This is not what they meant by “grabbing life by the horns.”
A U.K. man baffled doctors after a 5-inch cancerous “dragon horn” sprouted out of his back despite him having no history of skin cancer, according to a new study published in the British Medical Journal.
The unnamed 50-year-old day laborer’s protuberance – which also resembled a gnarled talon and pumpkin stem – was diagnosed with cutaneous squamous cell carcinoma, the second-most prevalent strain of non-melanoma skin cancer, study authors report.
His growth was perplexing, as the patient had “no previous or family history of skin malignancy and was not immunosuppressed,” per the report. Not only that, but there weren’t any of the lymphatic abnormalities generally associated with such an aberration.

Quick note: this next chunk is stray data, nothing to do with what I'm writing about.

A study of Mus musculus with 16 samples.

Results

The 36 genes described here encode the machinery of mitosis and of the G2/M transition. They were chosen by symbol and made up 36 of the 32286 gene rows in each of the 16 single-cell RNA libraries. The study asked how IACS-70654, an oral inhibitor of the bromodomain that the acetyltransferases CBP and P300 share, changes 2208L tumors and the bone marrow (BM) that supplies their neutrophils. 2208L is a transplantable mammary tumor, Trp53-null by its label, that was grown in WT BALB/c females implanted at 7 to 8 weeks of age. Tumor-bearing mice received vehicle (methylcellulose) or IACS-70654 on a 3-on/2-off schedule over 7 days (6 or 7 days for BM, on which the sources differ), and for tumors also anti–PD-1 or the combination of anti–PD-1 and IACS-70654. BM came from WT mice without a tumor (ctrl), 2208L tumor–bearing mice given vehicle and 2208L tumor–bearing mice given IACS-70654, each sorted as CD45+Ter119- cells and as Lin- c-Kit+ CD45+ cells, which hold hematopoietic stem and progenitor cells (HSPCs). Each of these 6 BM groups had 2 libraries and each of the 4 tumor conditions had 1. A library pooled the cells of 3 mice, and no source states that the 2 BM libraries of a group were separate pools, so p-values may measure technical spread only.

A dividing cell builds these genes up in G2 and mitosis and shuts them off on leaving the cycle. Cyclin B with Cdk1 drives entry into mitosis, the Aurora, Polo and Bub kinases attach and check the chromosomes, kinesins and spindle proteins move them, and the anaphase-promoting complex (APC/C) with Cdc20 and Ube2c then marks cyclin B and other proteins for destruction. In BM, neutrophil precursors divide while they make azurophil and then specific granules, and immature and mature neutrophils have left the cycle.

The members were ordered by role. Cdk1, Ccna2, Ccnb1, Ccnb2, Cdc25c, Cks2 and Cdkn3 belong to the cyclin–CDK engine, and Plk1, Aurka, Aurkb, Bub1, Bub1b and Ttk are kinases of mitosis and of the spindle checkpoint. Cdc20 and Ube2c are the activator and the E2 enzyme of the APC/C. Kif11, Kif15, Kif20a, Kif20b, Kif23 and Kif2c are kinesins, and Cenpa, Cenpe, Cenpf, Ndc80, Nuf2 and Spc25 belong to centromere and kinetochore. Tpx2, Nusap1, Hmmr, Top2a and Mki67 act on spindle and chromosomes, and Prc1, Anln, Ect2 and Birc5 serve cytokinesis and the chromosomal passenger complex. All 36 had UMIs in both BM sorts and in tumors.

While most cutaneous cases are surgically nipped in the bud, this patient had allowed his tumor to blossom for three years — in effect making a mountain out of a malignant molehill.
As a result, the growth had to be excised by surgeons at the Countess of Chester Hospital, the BBC reports. The deficit tissue was then replaced with a skin graft from his thigh.
Although the operation was successful, the surprised BMJ study authors said the anomalous ailment only occurred because it was “neglected by a patient living in a developed country with access to free health care.”
“This highlights that despite current public skin cancer awareness and rigorous health care measures, cases like this can still arise and slip through the net,” wrote the quartet of Counter of Chester Hospital surgeons behind the case study.
This isn’t the first time an easily treatable condition snowballed out of control in 2019. This past Thanksgiving, an Indian man underwent surgery for a cystic kidney that had swelled to the size of a Butterball turkey. And in October, a Panamanian patient made headlines for his sports-bag-sized scrotum — the result of gangrene run amok.